Combinatorics Seminar: Money changing problems on affine semigroups

Seminar | February 12 | 12-1 p.m. | 939 Evans Hall

 Jesus De Loera, UC Davis

 Department of Mathematics

An affine semigroup is a semigroup (always containing a neutral element) which is finitely generated and can be embedded in $Z^d$ . I care about them because they are the algebraic combinatorics analogues of convex polyhedral cones and because they are at the cross-roads of convex geometry, algebraic geometry, commutative algebra and combinatorics among others (e.g., they constitute the combinatorial background for the theory of toric varieties and appears in the study of algorithms in integer optimization). An affine semigroup can be seen as $\text {Sg}(A)=\{b: b=Ax, x \in Z^n, x\geq 0 \}$ and $A$ is an integer $d \times n$ matrix. Of course if $d=1$, $A$ is just a list of coin values. Each such vector $x$ is a \emph {membership representation} of $b$ in the semigroup $\text {Sg}(A)$ and, for $d=1$, membership has a monetary meaning as a denomination one can make change for using the given coin values.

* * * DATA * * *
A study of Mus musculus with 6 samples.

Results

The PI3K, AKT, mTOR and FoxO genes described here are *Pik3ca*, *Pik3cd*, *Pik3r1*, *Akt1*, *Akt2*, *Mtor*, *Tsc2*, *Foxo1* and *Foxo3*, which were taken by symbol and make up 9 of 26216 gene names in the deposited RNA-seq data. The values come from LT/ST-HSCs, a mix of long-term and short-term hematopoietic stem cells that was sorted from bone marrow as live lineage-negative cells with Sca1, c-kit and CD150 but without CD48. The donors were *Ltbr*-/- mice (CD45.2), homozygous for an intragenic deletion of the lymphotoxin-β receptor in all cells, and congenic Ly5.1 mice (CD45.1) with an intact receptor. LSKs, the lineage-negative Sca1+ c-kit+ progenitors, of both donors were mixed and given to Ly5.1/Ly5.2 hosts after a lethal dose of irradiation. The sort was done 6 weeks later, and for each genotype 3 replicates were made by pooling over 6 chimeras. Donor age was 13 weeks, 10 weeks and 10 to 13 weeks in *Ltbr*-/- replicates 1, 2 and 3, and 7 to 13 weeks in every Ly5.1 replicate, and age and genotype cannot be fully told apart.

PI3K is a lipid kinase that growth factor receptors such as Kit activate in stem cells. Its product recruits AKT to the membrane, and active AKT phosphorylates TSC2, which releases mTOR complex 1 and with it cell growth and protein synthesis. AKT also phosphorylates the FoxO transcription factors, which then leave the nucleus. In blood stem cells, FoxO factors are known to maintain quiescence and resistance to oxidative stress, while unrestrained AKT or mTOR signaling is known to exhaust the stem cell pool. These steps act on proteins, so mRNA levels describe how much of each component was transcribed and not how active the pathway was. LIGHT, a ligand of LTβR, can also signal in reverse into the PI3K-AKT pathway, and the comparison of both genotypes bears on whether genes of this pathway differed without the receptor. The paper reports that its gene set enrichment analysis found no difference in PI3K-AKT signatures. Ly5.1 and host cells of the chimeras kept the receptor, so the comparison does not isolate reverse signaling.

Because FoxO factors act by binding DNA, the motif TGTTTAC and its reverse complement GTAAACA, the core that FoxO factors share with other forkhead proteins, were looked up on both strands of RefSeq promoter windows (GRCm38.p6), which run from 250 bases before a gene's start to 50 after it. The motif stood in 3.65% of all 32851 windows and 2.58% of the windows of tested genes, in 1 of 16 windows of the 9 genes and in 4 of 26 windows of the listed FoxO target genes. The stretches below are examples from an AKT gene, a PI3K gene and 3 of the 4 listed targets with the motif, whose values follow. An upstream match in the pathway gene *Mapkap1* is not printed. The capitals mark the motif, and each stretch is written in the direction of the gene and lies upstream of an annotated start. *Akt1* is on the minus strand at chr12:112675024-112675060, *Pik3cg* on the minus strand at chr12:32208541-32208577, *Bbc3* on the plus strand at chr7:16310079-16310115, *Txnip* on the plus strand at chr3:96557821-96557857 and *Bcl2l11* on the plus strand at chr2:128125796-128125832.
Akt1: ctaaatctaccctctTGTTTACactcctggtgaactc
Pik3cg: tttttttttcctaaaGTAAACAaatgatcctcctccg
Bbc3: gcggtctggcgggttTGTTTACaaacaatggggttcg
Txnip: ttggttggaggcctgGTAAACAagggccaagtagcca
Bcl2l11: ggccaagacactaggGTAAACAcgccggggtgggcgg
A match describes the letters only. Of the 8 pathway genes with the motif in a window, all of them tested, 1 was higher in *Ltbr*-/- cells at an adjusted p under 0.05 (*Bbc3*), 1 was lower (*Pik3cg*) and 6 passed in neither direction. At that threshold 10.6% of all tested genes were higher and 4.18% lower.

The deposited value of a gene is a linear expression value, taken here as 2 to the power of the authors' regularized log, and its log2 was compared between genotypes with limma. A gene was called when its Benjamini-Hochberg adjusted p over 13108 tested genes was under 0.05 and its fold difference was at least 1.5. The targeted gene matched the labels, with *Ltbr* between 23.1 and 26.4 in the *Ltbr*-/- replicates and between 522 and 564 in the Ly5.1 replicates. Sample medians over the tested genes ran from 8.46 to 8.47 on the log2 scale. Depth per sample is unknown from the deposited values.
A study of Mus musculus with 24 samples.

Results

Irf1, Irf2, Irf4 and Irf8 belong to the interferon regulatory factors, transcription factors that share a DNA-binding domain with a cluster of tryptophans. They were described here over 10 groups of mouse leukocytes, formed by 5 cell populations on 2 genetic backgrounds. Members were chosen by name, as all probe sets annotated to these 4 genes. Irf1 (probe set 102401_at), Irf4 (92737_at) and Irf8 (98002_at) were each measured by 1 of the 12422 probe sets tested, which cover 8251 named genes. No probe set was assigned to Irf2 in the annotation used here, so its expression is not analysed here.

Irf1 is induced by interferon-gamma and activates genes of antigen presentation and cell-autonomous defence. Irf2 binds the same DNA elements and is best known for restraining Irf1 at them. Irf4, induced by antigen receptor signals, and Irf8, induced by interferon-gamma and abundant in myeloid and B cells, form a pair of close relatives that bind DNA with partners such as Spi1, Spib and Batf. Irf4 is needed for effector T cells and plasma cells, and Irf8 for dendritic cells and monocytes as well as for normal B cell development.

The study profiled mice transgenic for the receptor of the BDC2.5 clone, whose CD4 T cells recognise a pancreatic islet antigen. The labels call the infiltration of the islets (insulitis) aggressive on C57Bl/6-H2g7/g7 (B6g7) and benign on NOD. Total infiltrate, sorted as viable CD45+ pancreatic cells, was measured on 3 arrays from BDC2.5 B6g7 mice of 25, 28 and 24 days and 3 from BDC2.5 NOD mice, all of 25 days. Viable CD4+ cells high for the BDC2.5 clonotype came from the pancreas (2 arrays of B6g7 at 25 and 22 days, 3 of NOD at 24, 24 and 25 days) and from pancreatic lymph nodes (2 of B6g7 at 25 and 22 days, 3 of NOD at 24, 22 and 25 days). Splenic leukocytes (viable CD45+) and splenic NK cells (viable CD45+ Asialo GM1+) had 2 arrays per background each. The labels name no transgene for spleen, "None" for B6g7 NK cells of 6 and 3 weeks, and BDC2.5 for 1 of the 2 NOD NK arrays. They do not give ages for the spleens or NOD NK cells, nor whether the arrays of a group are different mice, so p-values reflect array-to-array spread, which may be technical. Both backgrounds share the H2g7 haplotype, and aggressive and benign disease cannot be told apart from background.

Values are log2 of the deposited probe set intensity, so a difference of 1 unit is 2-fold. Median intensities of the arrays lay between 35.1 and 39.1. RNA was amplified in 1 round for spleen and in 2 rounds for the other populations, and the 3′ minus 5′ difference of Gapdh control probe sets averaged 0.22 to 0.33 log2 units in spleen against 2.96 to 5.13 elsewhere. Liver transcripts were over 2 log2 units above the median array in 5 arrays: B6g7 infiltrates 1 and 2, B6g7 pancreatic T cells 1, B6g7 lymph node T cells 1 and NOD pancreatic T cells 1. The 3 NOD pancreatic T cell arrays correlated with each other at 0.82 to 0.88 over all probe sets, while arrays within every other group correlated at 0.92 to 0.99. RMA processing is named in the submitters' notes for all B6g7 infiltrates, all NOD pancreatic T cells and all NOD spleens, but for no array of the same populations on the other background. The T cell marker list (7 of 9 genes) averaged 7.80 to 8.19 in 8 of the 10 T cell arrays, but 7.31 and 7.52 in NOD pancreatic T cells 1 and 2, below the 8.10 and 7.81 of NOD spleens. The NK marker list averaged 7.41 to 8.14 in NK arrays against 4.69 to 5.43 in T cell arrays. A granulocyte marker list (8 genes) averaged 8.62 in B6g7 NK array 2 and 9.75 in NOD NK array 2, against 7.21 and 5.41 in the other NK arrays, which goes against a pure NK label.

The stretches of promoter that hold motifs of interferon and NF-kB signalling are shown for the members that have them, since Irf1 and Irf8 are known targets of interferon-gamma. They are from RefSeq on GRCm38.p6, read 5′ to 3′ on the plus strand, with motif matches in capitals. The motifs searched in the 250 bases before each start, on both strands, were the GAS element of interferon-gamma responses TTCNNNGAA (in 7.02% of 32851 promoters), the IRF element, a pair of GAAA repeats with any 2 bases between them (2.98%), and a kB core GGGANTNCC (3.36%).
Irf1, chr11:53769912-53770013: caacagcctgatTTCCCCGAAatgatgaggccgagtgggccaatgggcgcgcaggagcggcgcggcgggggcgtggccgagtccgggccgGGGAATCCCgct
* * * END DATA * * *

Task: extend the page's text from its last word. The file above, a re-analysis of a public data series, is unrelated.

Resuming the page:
My talk considers two questions about the representations of the members of an affine semigroup in terms of its generators (i.e., the columns of $A$).

1) I describe the set of all elements in the semigroup $\text {Sg}(A)$, that have at least k different representations. We will see how this generalizes the Frobenius coin problem.

2) I look at the problem of representing an element of $\text {Sg}(A)$ with the sparsest representation, i.e., using the fewest possible generators. A special case is giving change using the fewest kinds of coins. We provide a bound in terms of $A$ which are asymptotically best possible.

This work is joint work with subsets of the following researchers: Iskander Aliev, Quentin Louveaux, Timm Oertel, Chris O'Neill, Fritz Eisenbrand, and Robert Weismantel. Aiming to make this accessible to students or anyone that likes coin puzzles, all my examples will involve money!